Table Saw Sled with Aluminium Extrusions and 3D printed parts


Hi all, I had been thinking of making a table saw sled for a while, as the miter gauge of my Metabo isn’t the best, and I don’t own a miter saw. While I was ordering parts for my custom bandsaw fence, I got the idea to use the same extrusions for the crosscut sled.

Having finished the sled, I can say aluminium extrusions are great for crosscut leds, and better than using solid wood or plywood, for a few reasons.

One is that they’re perfectly straight, and they stay that way. Wooden fences can sometimes warp a little over time

Second, it is very easy to add things to them, like a handle, flip stop, and blade guard, which can be removed or redesigned without damaging the fence. On a wooden fence you can only screw things in so many times before it starts to wear out.

Third, it’s easier to set it square to the blade. By using a bolt from the bottom and a sliding nut in the bottom groove of the extrusion, the fence can be adjusted very finely (the sliding nut has some play when loose). On a wooden fence you have to unscrew a screw, adjust the fence, drill a new hole for a new screw. So there’s only so many chances to get it perfectly right.

The aluminium extrusions I used weren’t very expensive either. I don’t think I would’ve saved more than a few quid (if any) going for a plywood fence.

William Ng’s design
For the basic sled design I just followed William Ng’s excellent 5-cut video. The only difference is that I used the alu extrusions and added a few small features. But using his methods you’ll get an accurate and solid sled for sure.

Experimental Fritz and Franz jig & T-tracks
One experimental feature I added is a mini Fritz and Franz jig, which is normally used on a sliding table saw. It’s basically a block sliding over two t-tracks, which allows you to clamp things between the jig and the front fence. Its advantage over a generic clamp (which I’ve also added) is that you can rip very thin strips and position pieces perfectly 90 degrees towards the front fence.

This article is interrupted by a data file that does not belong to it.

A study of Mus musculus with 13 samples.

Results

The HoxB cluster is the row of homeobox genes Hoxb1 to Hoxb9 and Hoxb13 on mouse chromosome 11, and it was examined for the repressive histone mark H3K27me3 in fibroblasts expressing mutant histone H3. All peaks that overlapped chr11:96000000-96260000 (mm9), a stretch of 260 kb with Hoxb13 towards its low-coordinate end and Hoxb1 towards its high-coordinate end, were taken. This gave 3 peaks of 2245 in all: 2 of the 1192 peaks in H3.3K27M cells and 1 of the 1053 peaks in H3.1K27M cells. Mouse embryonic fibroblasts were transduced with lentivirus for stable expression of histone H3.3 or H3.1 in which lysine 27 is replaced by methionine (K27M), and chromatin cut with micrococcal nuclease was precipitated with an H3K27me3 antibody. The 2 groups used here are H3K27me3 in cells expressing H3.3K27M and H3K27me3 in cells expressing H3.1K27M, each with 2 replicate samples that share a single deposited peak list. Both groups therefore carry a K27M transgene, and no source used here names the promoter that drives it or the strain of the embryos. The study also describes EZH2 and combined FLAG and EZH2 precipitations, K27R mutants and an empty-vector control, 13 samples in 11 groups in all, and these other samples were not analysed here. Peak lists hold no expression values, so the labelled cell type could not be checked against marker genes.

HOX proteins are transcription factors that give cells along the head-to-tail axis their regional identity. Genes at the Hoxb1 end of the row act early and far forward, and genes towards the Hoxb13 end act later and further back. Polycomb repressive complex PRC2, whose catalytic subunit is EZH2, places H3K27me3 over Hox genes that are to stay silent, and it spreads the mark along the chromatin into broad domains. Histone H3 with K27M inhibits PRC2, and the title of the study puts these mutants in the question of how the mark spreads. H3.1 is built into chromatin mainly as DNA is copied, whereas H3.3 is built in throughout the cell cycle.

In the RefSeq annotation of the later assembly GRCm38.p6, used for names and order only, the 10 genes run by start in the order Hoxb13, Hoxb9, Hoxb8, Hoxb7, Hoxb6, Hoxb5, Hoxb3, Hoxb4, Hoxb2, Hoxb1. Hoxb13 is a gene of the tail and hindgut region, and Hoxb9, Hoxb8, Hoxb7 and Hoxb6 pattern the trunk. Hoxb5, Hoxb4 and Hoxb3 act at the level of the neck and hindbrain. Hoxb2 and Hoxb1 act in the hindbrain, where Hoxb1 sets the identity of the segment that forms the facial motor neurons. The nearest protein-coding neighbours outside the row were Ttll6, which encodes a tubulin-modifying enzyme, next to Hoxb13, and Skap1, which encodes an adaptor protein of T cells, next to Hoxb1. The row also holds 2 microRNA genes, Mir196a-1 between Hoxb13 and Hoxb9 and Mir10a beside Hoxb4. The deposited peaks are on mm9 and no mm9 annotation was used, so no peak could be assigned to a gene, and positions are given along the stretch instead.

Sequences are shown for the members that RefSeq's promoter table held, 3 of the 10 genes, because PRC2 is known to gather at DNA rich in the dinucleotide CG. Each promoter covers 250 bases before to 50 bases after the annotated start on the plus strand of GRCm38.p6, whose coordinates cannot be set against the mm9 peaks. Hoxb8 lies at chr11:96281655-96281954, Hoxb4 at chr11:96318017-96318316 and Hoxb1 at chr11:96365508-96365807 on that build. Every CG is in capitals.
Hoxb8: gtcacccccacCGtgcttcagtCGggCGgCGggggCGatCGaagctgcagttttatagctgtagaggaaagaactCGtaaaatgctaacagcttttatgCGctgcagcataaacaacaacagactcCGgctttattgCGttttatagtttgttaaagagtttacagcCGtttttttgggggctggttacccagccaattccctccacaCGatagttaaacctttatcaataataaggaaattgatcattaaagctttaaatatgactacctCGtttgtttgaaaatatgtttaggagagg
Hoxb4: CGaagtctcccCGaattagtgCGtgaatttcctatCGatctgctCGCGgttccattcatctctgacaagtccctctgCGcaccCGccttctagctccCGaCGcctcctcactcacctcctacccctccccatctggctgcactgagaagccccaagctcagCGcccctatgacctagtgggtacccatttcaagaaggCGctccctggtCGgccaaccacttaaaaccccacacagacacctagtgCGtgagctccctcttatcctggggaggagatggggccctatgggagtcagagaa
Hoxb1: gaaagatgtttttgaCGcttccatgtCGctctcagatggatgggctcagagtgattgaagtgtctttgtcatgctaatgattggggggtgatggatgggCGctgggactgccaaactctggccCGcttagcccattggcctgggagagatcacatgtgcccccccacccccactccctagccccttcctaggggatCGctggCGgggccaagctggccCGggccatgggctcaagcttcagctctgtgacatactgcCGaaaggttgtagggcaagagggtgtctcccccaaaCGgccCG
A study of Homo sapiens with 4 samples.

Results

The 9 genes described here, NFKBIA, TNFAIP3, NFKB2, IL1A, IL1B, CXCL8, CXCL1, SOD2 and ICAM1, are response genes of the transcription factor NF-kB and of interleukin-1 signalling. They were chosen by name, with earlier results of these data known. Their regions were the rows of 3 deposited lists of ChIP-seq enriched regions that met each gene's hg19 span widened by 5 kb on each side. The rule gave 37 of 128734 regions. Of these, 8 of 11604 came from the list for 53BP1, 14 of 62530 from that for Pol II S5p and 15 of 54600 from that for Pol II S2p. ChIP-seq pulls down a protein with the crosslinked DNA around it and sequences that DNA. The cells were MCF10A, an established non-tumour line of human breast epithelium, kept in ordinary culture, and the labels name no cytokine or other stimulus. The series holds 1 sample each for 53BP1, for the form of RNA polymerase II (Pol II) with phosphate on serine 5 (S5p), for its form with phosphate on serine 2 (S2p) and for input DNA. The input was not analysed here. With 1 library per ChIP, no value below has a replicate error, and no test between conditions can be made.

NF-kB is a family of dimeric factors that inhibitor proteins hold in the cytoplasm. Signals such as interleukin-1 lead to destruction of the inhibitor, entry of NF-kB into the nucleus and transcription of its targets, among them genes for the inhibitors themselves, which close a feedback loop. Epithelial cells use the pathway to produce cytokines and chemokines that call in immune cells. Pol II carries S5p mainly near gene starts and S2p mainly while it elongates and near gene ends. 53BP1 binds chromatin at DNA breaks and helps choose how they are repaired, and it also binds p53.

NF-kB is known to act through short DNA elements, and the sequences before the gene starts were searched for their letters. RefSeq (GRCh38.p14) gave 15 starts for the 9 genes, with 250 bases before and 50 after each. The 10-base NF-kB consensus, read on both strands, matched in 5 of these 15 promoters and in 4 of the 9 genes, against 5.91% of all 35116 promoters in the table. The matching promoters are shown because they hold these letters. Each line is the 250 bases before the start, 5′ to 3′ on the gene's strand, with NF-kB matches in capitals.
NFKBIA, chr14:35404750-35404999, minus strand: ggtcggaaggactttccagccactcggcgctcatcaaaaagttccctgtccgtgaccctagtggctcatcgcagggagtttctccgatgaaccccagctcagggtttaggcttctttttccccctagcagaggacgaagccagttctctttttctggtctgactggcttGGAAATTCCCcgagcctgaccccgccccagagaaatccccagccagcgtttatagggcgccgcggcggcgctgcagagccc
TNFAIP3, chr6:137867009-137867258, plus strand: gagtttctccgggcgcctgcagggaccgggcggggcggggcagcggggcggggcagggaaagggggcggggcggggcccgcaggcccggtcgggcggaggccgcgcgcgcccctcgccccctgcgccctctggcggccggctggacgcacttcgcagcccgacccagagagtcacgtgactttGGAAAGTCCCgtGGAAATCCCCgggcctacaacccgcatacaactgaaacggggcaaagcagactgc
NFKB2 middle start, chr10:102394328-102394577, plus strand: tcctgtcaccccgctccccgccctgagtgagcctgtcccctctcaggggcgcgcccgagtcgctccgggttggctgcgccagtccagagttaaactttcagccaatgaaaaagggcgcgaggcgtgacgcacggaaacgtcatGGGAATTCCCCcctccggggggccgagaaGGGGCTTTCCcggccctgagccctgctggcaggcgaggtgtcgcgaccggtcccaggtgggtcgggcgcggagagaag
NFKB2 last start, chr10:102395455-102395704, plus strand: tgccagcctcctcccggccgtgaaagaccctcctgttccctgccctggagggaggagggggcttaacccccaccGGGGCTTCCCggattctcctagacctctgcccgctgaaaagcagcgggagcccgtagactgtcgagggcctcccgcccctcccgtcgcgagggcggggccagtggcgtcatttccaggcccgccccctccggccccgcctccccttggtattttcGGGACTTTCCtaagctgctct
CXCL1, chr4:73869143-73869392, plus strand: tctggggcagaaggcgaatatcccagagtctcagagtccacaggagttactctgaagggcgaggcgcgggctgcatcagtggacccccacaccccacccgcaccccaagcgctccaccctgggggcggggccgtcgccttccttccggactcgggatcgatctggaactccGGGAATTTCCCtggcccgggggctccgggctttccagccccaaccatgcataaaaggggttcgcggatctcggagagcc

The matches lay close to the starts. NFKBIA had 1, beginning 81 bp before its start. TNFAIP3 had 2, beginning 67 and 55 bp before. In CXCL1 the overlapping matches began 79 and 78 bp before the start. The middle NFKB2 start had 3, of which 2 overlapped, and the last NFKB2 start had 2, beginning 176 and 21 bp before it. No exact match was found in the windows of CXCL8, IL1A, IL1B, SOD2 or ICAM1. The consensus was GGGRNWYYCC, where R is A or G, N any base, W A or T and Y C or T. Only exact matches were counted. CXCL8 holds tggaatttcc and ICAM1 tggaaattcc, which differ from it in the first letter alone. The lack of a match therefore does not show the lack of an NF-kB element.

Its clamping force is also not great. Maybe if you would add a mini-vice to the front, so you could add extra clamping force it would be more useful.

The T-tracks are great however, as I can use it for a regular clamp which is quite handy.

Handle
To make pushing a little easier, and to keep my hands away from the blade, I’ve added a handle to the right. It’s a 3D printed design, with two bolts and sliding nuts in the grooves. The place where I bought the extrusions also sells a handle with an almost identical design for about €1 (plus €1 for the bolts), so it’s even cheaper to buy it than to 3D print it yourself.

I've added a handle to the left side as well, which helps with pushing, but most importantly means I never put my hands anywhere near the blade...

In the 3D printing thread I shared a flip stop design, but since this is a different size extrusion I made a new one. This one is fully 3D printed and a little simpler, but works just the same.


Blade guard
I've added a piece of 5mm clear acrylic as a blade guard. It's attached to the extrusions with four bolts, which means I can slide it left and right a bit or even detach it completely if that's necessary (might happen with oddly shaped pieces of wood).

It might still be a good idea to add another small piece of acrylic/plexiglass to the sides, to make it even harder to put your hand near the blade. But this also limits the height of stock that can pass under it. There might be a better solution for this.



Pete
 

city17


Pete
Thanks. For your case this sled might not be the best option, especially with the SawStop issue. The problem of full height cuts could be solved by using a taller extrusion (this one is 8040). On mine the cut is about 2/3 of the way up in the extrusion, and it's still really stiff.

Actually I checked and the blade shield is made from polystyrene, but not sure what the mechanical properties of that are exactly. There's a sign on the packaging that suggests you can hit it with a hammer without any problems, if that's anything to go by... In any case it's more to prevent met touching the blade, rather than stopping the blade throwing things back at me.